WASHINGTON—Supreme Court justices split on ideological grounds on April 23 during high-stakes oral arguments about the legality of the Trump administration’s decision to ask individuals responding to the 2020 Census whether they are U.S. citizens.
The results from the once-a-decade census, which counts both legal and illegal residents of the United States, are important because they are used to allocate federal dollars and determine representation in Congress.
Republicans and Democrats have locked horns for decades over how the census is carried out. Democrats accuse Republicans of scheming to undercount minorities and illegal aliens out of racial animus. Republicans say Democrats try to game the system and use immigration policy to import illegal aliens and new voters to inflate the headcount in order to strengthen their hold over so-called blue states and congressional districts.
The high court agreed on Feb. 15 to accept the case, an appeal of a ruling by Manhattan-based U.S. District Judge Jesse Furman, on an expedited basis because the U.S. Census Bureau needs to print its official questionnaires in the coming months. Furman held that Commerce Secretary Wilbur Ross acted in bad faith and that he falsely claimed the citizenship question was needed to gather data to help enforce the Voting Rights Act and that its addition was requested by the Justice Department.
Left-wing activists claim the administration wants to include the question to discourage Latinos and illegal aliens from completing the form, and that this would unfairly influence congressional representation for Democratic-leaning states with large illegal alien populations. According to one estimate, noncitizens make up about 7 percent of the nation’s inhabitants.
During oral arguments, liberal justices aggressively questioned Solicitor General Noel Francisco as he made his presentation.
Less than a minute into Francisco’s talk, Justice Sonia Sotomayor interjected, challenging his version of the facts.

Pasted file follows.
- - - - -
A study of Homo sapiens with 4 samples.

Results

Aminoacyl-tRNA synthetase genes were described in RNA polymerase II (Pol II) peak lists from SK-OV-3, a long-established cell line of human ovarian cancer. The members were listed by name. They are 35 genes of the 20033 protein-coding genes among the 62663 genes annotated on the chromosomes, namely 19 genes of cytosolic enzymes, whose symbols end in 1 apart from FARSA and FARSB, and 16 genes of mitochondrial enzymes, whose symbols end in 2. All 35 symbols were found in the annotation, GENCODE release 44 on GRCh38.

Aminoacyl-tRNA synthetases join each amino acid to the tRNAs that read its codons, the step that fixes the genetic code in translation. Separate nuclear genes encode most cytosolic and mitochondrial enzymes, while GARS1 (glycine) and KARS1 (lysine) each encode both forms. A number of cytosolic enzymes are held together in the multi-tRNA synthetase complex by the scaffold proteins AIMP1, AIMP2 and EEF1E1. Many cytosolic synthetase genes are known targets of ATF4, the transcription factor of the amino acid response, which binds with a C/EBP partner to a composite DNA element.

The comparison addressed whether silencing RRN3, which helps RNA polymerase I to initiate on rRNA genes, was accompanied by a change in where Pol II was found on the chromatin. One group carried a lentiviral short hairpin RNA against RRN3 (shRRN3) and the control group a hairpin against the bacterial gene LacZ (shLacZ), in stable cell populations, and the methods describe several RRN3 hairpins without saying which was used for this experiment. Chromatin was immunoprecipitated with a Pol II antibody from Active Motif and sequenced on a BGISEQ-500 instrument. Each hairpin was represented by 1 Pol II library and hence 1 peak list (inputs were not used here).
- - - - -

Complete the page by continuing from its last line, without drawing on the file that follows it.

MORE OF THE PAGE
After Francisco stated that Ross had “reinstated a citizenship question that has been asked as part of the census in one form or another for nearly 200 years,” Sotomayor contradicted him.
The long survey, known as the American Community Survey, which contains the citizenship question, is distributed to about 2 percent of households every year. But between 1820 and 1950, every decennial census except for one included the citizenship question, according to a case preview prepared by law professor Steven D. Schwinn of the John Marshall School of Law.
The question hasn’t been included in the so-called short version of the survey that has been sent to most households since 1950, Sotomayor said.
“And for 65 years, every secretary of the Department of Commerce, every statistician, including this secretary’s statistician, recommended against adding the question,” the justice said. “So it may be that 200 years of asking a citizenship question in other forms may be true, but not on the short survey. That’s what’s at issue here.”
Adding the question will “no doubt” depress the response rate, she said. “That has been proven in study after study.”
Justice Elena Kagan said it seemed “like the secretary was shopping for a need.”
“You can’t read this record without sensing that … this need is a contrived one,” she added.
Conservative-leaning justices seemed comfortable with the potential inclusion of the citizenship question.
“It’s not like this question, or anybody in the room is suggesting the question is improper to ask in some way, shape, or form,” Justice Neil Gorsuch said.
“And what we do as well with the evidence of practice around the world and virtually every English-speaking country and a great many others besides [who] ask this question in their censuses?”
Along the same lines, Justice Brett Kavanaugh said the question was “very common” internationally and that federal law grants the Commerce Department “huge discretion” over how the census is carried out.
On the courthouse steps after oral arguments wrapped up, Democratic New York Attorney General Letitia James said her legal team presented a strong case.
“There is more at issue than just surveys and statistics, because the census is more about just an accurate count. It’s about how our government is organized and how our power is equally divided. It’s also about the equal distribution of funds. Fundamentally, the census is a measure we use to deliver on one of our nation’s core tenets and that is the promise of fairness. Fairness means that assistance reaches those who need it the most. It means that communities have an equal representation in government. It means that no group or neighborhood is marginalized.”
“Adding that particular citizenship question could lead to the undercounting in communities across America, particularly in immigrant communities and Hispanic communities. It would mean that communities entitled to resources wouldn’t get those resources,” James said.